Career Management

Your profession is what that either makes you or breaks you. A researcher named Gallup did a worldwide research polling 25 million employee’s answers with regard to job satisfaction. What did he find? That only 13% of those workers actually feel “engaged” in their jobs, which means that they are highly satisfied with what they do and have a “deep passion” for it. The rest of the 86% are not that passionate about what they do.

Not surprisingly, many people around the world are just working for the heck of earning money. In the rapidly changing and competitive environment of today where people are required to not only be a specialist in their area, but also have a passion for what they do, many people are pondering about career shifts. That way, when the interviewer asks, “Why did you decide to apply for this job,” you can answer honestly by saying, “Because, I simply love it!” and they will believe it. Trust me on that!

So before you decide to jump the off boat of your current profession, do a little planning first. Ask yourself these questions to make sure you will survive and freestyle your way to safety without any trouble.

1. “What is it about my current profession that I don’t like?”

This is your first reason for a change. It could be that you don’t like the environment, the job description, the company, the people you work with, etc. If you can come up with at least three solid reasons like the ones I just mentioned, it means you really are unhappy with your job and require a change. However, if your answer is “I’m okay or happy with it”, then who am I to say anything else?

2. “Does this new profession have what my current one doesn’t?”

Now match your first questions’ answer with this one. Your reason for change may be valid. However, that doesn’t mean the other career you are planning to jump into is perfect for you. Maybe it will give you the same result as the current one did. So, make sure your fresh start is good enough to jump into.

3. “Do I have the skills, interest, talents, and passion needed for the new profession?”

Some of you may think otherwise, but this one’s a must! Changing your career is not something you do often – and you shouldn’t! The only way it will be fully justified to make the shift is if you have what the new career requires. Your future employer wouldn’t like to hear you say, “Oh, um, I decided to change because I just wanted to try something new.” Nope, you’re not hired.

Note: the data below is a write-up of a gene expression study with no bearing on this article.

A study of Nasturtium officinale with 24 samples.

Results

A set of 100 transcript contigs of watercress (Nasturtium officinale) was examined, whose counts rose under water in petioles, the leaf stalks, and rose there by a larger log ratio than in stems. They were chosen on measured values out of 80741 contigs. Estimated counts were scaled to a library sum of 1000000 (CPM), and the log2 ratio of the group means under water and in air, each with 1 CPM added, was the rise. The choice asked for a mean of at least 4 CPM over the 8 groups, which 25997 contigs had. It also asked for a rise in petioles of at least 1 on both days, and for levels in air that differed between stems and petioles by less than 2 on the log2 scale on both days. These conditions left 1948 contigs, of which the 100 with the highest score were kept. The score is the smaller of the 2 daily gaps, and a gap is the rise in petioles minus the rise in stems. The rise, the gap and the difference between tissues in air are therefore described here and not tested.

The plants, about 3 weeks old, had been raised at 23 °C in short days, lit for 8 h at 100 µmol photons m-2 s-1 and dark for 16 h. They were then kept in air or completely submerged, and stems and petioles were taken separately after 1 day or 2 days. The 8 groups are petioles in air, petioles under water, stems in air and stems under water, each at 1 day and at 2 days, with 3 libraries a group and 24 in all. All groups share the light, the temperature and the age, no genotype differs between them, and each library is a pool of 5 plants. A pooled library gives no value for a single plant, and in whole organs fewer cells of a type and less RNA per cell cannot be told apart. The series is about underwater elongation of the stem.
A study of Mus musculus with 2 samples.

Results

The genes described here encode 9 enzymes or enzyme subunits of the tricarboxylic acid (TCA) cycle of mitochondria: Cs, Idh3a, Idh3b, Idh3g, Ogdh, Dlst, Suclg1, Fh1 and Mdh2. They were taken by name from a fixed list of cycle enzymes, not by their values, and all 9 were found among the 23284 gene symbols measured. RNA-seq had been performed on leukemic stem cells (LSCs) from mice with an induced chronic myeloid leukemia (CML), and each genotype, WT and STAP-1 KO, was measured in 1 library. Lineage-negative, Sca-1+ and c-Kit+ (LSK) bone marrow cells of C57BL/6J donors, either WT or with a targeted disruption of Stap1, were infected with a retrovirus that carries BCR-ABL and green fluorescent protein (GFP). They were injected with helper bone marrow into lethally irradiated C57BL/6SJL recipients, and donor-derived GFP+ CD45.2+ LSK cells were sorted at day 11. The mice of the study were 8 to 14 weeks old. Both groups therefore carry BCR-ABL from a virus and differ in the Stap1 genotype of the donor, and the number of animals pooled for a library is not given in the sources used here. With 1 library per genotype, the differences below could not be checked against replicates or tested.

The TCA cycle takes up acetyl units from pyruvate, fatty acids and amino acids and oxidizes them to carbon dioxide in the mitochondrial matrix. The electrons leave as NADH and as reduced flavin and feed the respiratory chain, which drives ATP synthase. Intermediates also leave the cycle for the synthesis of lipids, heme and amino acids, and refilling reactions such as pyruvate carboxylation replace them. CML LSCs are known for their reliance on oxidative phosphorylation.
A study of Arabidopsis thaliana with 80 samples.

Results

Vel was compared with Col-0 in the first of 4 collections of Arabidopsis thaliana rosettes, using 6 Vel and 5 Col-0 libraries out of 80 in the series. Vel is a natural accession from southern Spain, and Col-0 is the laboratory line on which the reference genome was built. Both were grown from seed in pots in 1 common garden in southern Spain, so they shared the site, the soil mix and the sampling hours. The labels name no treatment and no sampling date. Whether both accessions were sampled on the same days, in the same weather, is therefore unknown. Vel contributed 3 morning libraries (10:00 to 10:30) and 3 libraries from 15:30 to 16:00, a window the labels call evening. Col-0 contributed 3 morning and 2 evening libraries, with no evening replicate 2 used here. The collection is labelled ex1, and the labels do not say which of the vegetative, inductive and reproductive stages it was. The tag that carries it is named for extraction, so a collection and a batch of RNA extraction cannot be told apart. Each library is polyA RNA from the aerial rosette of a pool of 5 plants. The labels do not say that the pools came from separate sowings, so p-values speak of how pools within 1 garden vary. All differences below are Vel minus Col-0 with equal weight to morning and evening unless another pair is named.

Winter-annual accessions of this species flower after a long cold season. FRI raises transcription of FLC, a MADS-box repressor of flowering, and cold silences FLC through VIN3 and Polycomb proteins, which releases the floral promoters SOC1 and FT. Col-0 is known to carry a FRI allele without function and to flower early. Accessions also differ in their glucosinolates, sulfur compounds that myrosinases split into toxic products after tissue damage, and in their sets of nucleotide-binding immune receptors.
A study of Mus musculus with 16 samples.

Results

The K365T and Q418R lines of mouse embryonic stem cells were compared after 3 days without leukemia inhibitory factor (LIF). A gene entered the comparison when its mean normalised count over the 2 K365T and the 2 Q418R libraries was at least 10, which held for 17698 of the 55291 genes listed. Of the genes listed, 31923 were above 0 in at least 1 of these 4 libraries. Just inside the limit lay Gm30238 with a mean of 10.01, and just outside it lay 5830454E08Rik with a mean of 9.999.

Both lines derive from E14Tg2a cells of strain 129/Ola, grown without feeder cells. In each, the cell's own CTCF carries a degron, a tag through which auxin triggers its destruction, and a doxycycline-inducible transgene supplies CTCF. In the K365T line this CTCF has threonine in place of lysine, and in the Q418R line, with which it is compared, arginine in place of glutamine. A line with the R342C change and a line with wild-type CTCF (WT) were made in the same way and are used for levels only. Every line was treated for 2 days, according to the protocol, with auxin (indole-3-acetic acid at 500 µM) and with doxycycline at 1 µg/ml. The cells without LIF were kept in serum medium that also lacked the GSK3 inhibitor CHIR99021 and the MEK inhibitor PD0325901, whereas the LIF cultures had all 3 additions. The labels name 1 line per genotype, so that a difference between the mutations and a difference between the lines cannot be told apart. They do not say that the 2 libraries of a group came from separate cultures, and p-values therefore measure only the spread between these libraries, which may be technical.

4. “What is the scope of this new career?”

Sorry to say, but if your new profession doesn’t have a good outlook, you shouldn’t waste your time making the shift. How about asking someone you know who is already in that career for a long time. Ask him to honestly tell you what he thinks the outlook for that profession is. Is it likely to grow in future?

5. “Is the pay good enough?”

I don’t mean to sound overly materialistic, but this one is an important one to consider. You have to consider the salary expectation when it comes to a career change. Will you be able to make a decent living with the income? How about in the years to come? Will it be enough to support a family in future?

6. “How do I see myself in the next 20 years after this career change?”

This question will answer your own potential for growth. What long-term opportunities are associated with this career? What are the promotion prospects? Certain jobs are great for experience, but not as a long-term career. For example, a sales person’s experience is valuable. However, choosing sales as a career may not be good idea. There comes a point when you need to move forward and explore other lucrative opportunities that are more rewarding.

7. “Will I need more education/ qualifications?”

If this is a yes, then you certainly need to wait before you make the transition. Possibly, after several years of service, the profession will require a qualification in order to be eligible for promotion.

8. “What obstacles will I have to face while making this transition?”

Other than necessary qualifications required, there could be other struggles you’d have to go through before and after the transition. Maybe you’ll have a hard time convincing a family member. Or possibly, after you’ve made the change, you’ll require financial resources to make the career work.

Think about how you can minimize these struggles which you have predicted.

9. “What do I hope to gain from this career?”

Happiness shouldn’t be the only answer. (Apologies, Confucius)  That shouldn’t definitely be one of the answers, though. However, the experience you gain should also be an answer.

10. “Am I being realistic?

This answer will pretty much sum up all your answers to the nine previous questions.  After evaluating the benefits, your skills, education options, experience, struggles, the pay, and long-term prospects, you will be able to answer this one, final question. If more than five of these questions are bordering on the “no” side, then you should reconsider. Maybe, you’re better off with your current job. If more than five of these questions are affirmative and encouraging, then put your swim suit on and dive in!

Author: Sabrina Walker is an academic analyst at in USA. She has worked with a variety of different instructive firms in order to serve her expertise.